Theranos is being attacked on two fronts.
One is the Centers for Medicare and Medicaid Services. It demands that problems in the labs be fixed or fines will be imposed. Those problems are labeled as a peril to users' health.
The other is Walgreens, its only retail customer. It plans to suspend its agreement with Theranos unless those problems are fixed within 30 days. Here are the details from The Wall Street Journal.
The interesting part of this is this: Theranos' founder and head, Elizabeth Holmes, has, reports The Wall Street Journal, "suggested that Walgreens might be in breach of its contract with Theranos for suggesting the suspension."
This threat might have legal teeth in it and Walgreens should be wary. That's because brilliant and innovative lawyer, David Boies, is on the Theranos board. It was Boies who successfully represented hedge fund player, Steve Cohen, against the SEC. Cohen came out of that ready for a comeback.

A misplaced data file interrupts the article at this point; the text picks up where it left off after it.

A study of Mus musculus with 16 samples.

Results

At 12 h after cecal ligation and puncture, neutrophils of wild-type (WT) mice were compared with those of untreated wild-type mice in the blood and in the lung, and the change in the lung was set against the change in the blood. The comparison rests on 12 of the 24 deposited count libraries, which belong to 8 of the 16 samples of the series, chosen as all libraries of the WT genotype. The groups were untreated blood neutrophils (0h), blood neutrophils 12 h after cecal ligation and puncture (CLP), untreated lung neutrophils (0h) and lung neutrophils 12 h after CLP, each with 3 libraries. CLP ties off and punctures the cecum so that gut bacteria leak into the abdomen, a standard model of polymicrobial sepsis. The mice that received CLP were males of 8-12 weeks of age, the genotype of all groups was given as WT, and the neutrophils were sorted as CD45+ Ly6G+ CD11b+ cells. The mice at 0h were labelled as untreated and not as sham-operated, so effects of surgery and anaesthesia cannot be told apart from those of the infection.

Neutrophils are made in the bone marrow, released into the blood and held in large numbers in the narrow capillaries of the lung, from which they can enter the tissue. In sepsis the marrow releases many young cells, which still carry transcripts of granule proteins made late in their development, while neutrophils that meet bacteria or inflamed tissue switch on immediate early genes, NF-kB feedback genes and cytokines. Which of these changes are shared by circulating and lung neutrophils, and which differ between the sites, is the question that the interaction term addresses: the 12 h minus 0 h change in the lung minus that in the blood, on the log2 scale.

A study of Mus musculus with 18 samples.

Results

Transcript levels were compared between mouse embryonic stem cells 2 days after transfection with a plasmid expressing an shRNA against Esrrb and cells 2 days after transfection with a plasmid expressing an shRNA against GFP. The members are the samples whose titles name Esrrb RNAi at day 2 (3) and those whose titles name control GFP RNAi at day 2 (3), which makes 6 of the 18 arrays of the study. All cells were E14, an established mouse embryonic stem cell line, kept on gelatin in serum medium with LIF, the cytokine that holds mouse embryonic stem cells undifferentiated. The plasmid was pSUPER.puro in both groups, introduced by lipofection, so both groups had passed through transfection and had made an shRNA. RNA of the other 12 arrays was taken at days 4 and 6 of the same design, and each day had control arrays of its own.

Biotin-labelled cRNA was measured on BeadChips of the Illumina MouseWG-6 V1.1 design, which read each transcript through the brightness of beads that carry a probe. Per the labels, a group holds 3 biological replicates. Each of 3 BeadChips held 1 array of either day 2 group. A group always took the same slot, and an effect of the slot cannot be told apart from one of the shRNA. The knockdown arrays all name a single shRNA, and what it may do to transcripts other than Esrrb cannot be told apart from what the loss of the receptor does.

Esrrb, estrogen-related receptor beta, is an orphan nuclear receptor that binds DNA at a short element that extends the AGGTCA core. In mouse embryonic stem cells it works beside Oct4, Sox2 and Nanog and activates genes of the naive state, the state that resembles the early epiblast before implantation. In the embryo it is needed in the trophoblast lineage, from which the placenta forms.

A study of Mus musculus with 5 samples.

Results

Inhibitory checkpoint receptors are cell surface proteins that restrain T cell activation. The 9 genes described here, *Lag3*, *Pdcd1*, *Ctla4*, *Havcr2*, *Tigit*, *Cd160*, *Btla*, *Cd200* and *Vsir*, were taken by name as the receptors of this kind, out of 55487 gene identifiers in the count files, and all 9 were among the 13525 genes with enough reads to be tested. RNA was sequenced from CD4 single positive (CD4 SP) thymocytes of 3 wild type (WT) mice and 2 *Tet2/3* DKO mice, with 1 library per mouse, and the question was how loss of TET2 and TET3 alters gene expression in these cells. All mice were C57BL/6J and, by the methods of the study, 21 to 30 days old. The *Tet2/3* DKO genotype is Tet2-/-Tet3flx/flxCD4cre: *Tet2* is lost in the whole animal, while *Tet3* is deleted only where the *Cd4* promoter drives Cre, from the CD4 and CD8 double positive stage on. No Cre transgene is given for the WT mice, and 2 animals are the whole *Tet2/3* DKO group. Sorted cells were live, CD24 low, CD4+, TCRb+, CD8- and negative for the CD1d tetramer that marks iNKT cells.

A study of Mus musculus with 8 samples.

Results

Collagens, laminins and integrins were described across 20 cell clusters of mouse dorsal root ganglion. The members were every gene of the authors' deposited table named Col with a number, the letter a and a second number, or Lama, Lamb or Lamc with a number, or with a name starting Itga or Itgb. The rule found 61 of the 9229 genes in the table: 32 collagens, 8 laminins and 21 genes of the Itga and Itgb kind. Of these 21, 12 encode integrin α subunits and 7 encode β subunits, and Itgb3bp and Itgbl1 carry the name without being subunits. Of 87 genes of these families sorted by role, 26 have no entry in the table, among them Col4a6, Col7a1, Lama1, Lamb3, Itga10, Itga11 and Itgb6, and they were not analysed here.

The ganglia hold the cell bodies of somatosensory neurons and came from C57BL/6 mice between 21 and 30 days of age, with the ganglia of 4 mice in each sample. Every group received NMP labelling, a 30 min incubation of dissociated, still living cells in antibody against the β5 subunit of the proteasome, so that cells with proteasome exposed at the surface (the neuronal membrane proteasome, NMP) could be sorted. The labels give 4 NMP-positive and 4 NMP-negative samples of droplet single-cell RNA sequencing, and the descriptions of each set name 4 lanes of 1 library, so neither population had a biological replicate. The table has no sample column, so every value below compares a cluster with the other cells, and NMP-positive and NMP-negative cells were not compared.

In Theranos' defense, it is subject to greater regulatory scrutiny because it is direct-to-consumer. The usual route for labs is to get their business through doctors' offices. Also, because of this and its lower transaction costs, Theranos is a threat to the lab industry. It might be thought of as the Uber of blood-testing.
For a long time it was the darling of both the tech and media worlds. Its valuation as of 2014 was about $9 billion. Then, last October The Wall Street Journal did an expose on it. Other media properties followed that negative thrust.
But, as long as Holmes has Boies in her corner, she has a shot at survival.